I love dessert, let’s establish that right off the bat.
I love cookies, pie, tarts, donuts, chocolate, assorted soft candy, ice cream, sorbet, sherbert, pudding, and custard. And most of all, I love cake. My love for desserts has often caused me to be too plump, though I’ve somehow managed never to be more than 50 pounds overweight. 50 pounds sound like a lot, but considering how much I love dessert, I ought to be at least 300 pounds overweight.
Right now I’m fairly skinny, but I love dessert more than ever. I’ve learned to alternate high-calorie days with low-calorie days. And I’ve cultivated a love for non-desserts, just to balance the equation. Balance is an important concept when trying to control your weight. Ironically, balance is also an important element of a good dessert.
For instance, plenty of desserts look beautiful but end up tasting bland. The appearance of dessert is important – after all, it needs to be pretty enough to tempt me. But I’m no longer fooled by good looks. If I’m going to consume those calories, they’d damn well better be good. Good taste is a matter of balance between the elements of the recipe, the ratio of sugar to butter and cream, the flavorings, the type of chocolate you’re using, etc. Too much sugar will drown out all the other flavors, but not enough may make the dessert bland or bitter.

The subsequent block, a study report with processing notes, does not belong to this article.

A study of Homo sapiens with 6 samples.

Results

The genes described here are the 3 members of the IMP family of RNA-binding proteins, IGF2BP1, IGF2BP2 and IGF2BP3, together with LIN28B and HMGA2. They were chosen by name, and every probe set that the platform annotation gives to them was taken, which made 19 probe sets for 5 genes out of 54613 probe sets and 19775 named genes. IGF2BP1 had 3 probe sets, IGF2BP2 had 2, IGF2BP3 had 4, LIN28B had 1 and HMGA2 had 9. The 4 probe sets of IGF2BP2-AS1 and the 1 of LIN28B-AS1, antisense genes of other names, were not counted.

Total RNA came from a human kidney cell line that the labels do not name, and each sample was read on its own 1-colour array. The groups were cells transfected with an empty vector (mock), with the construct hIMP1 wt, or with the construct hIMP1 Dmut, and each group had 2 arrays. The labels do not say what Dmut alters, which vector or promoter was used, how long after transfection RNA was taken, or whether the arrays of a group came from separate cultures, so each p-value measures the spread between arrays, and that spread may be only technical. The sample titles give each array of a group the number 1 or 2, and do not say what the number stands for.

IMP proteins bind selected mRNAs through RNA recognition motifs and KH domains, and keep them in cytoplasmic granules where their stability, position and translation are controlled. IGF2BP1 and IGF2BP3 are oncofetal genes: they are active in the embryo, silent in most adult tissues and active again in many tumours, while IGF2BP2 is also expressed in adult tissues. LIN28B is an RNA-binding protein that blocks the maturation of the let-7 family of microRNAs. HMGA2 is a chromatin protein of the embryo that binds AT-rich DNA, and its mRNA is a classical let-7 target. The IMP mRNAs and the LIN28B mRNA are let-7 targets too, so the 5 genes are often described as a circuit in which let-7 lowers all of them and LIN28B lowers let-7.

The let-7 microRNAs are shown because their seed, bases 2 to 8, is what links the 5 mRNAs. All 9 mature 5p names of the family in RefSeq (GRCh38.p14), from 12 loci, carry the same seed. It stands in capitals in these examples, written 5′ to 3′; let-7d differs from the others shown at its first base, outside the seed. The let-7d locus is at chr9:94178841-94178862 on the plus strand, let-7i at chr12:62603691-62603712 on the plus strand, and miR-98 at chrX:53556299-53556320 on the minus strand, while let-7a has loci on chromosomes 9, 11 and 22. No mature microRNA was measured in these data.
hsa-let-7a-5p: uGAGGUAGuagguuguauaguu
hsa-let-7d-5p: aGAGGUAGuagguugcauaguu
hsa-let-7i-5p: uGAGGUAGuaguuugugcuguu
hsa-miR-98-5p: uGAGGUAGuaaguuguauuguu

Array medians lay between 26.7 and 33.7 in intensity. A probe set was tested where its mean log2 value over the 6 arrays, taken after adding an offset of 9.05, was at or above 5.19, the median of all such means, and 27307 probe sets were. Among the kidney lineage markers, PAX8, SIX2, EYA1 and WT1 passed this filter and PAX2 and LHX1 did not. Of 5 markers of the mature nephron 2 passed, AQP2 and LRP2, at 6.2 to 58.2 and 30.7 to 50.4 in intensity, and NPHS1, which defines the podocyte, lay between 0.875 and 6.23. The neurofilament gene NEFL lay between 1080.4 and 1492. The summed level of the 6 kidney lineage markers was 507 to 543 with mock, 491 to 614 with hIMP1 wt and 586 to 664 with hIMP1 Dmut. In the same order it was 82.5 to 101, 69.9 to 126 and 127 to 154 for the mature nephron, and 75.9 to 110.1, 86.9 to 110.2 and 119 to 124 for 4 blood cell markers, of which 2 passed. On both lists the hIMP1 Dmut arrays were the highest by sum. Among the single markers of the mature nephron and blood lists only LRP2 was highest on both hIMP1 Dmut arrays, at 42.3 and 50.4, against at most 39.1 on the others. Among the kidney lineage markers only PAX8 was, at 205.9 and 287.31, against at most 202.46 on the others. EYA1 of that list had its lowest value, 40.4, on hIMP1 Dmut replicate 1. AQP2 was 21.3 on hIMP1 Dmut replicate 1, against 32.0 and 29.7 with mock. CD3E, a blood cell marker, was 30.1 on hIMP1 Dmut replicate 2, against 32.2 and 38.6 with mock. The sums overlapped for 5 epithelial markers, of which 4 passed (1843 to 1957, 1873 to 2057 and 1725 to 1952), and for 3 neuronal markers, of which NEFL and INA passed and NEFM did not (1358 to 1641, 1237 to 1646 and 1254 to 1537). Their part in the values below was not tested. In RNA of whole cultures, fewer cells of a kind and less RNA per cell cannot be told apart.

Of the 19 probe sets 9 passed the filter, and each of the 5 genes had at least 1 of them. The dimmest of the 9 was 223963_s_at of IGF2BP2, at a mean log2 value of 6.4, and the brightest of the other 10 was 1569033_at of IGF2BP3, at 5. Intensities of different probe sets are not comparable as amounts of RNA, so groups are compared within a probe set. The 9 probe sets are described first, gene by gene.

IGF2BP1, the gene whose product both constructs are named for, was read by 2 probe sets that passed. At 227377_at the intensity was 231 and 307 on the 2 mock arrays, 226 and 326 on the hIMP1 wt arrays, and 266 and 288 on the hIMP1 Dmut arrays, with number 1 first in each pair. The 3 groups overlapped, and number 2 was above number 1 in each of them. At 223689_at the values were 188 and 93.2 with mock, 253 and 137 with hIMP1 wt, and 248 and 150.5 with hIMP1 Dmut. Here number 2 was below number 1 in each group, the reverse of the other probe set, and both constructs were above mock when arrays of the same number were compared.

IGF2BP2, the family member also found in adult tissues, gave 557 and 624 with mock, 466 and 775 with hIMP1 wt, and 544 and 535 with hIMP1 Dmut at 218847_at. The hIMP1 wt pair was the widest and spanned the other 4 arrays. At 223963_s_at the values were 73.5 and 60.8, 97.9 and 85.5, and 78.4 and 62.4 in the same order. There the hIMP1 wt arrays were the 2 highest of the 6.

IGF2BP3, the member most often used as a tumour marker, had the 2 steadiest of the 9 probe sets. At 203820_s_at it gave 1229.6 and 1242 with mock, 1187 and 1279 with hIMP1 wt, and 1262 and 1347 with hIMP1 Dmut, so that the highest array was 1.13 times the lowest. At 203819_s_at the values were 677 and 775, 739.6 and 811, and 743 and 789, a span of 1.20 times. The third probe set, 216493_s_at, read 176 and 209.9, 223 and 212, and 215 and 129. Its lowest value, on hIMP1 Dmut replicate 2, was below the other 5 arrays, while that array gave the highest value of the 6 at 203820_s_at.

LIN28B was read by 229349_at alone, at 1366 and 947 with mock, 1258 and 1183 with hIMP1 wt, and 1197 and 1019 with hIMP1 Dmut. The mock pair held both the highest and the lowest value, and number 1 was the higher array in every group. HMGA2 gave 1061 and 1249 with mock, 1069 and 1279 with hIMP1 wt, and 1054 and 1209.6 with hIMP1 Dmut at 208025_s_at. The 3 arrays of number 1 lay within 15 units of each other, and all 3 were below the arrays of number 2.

Yet somehow, balance of taste still isn’t enough for me. No, I’m a true junkie, I care about texture, too. I love crunchy, creamy, moist, crisp, smooth, and chewy. A tasty treat must also have good texture.
Great taste and interesting texture – we’re cooking with gas here. There’s just one more thing I need for a perfect dessert experience, and that’s contrast. Chocolate cake with vanilla ice cream is a perfect example. Hot apple pie with the ice cream is even better, because then you can contrast flavors and temperature. A banana split with nuts and hot fudge, a root beer float, brownies with walnuts.
Yes, I must invoke the b-word again: balance. When I was a kid, I struggled with anorexia for a few years. I would starve for days, then eat like a psycho. When you stuff yourself, you don’t get to have fun, you’re too busy being compulsive. Once I got over that, I went through a phase of thinking some foods were bad. I thought I had to learn to stop liking them. Maybe if I avoided them long enough, I’d get over wanting them.
Didn’t work. So I’ve made peace with myself. After all, I’ve got some healthy hobbies, like hiking. I deserve regular treats. A little sin is good for the soul.